I have just been on my after-lunch walk with Tess - down the lane as usual - and I must say it is looking spectacularly lovely. Fringed with a positive froth of my favourite cow-parsley, and in the deep grass beds of buttercups softly glowing in the sunshine (yes - it is shining today), pink campion standing tall in front of a bank of pretty ferns, the leaves and buds of meadow-sweet promising a feast of cream in a week or two. Sometimes 'Nature's Garden' puts on a splendid show, doesn't it?
A vicar once leaned over the hedge and looked into a woman's garden - it was perfection. He called to congratulate the woman who was weeding - 'Isn't it wonderful what God can do in the garden?' 'Ha!' said the gardener. 'You should have seen what it was like when it was left to just God doing it!'
Because, yes, we do like to be in control of our gardens. It is always a temptation to leave buttercups for me. I do love them - and if you call them by their 'proper' name - ranunculus - they don't sound quite so invasive. But invasive they are and that is probably why we call many of our indigenous plants 'weeds'. I have a patch of Trollius (globe flower) - see the photo above - and it is lovely but it doesn't have the depth of yellow of its cousin, the buttercup.
But this week a 'new' weed has arrived. Well, it did pay us a visit a couple of years ago -but this time it has arrived with a vengeance - and it has brought back childhood memories for me.
Many posts ago I showed you our growing manure heap (yes - I am mentioning manure again - )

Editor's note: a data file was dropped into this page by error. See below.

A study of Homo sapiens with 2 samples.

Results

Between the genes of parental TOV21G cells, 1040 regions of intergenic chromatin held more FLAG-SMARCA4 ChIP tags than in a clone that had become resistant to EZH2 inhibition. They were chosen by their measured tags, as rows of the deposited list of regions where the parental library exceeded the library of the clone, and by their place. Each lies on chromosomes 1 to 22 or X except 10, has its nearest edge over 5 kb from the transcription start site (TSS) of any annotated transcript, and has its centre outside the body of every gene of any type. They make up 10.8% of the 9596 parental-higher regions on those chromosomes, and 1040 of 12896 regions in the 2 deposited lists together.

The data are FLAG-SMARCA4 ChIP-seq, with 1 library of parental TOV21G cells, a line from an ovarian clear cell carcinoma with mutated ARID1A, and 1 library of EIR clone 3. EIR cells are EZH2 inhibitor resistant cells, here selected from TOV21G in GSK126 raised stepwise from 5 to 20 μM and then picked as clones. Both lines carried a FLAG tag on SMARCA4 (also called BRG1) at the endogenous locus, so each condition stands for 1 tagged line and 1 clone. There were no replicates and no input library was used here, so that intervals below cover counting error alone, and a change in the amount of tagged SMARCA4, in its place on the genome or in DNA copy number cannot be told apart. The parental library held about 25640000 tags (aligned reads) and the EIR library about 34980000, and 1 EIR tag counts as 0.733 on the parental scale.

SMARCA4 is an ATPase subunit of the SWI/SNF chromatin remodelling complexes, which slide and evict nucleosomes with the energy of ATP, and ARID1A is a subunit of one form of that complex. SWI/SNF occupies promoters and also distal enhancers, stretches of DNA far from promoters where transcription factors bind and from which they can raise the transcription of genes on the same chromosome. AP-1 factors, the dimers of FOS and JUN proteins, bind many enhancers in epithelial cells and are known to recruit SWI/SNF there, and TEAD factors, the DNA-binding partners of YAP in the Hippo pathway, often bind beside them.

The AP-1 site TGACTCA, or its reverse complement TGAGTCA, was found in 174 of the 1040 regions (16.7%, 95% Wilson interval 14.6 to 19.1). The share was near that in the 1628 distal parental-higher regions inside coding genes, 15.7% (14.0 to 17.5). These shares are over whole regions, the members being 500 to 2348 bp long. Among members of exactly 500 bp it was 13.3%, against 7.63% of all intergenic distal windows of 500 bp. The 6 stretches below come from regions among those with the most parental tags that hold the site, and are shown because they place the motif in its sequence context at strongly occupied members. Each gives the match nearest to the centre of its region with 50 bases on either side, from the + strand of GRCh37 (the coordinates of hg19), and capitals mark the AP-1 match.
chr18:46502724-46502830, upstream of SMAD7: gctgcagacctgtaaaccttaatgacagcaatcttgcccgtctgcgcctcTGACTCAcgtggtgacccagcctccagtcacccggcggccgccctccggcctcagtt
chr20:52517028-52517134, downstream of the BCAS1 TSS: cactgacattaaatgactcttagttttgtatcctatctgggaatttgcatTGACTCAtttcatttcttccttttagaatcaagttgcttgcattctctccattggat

well, now it has been cleared and spread with the mighty spreader - and where it has been there was a bald patch. Before we went on holiday the farmer sewed it liberally with grass seed. hoping that by the time we returned it would have filled in. No rain while we were away- so no such luck.
At last tiny grass blades are pushing through - and tiny rabbits in their warren not ten yards away in the hedge-bottom, adore new grass shoots (think tiny, tender lettuce leaves for us).
But something else has colonised the bare patch. Goosefoot.
It's 'real' name is Good King Henry - although the name comes from the German Guter Heinrich, and we added the 'King' bit when it meandered over here. The sixteenth century herbalist, John Gerard, said the plant grew in 'untilled places'. Other sources say it is the scourge of manure heaps - so no surprise there then.
But what is surprising is that I recognise it because we had a cultivated patch of it in our veggie garden when I was a small child in Lincolnshire. Remember this is well before the days when veg were flown in out of season - the days when if you lived in the country you ate what was available in your garden. You didn't go buying fancy vegetables!
My mother called it 'markary' - I am guessing at the spelling here - and we ate it as you would eat spinach. Father kept cutting it and bringing it in to eat and it would quickly grow up again.
He often called it 'poor man's asparagus' although I think that was pushing it a bit.
Reading about it in one of my 'flower' books I find it was commonly eaten in olden times (yes, I know I am getting on a bit but that is going too far). The books says it has been replaced by a cultivated form of spinach. But then , reading on, I find that there is a similar plant called Common Orache which the book says was eaten ' until fairly recently'.
So it seems we have a patch of vegetables in one of our silage meadows - so come on rabbits, get it eaten off before the silage men come in - otherwise it will be left for the cows to eat over winter. I shall be interested to see if anyone remembers eating this stuff or whether it was confined to the wilds of the Lincolnshire Fens.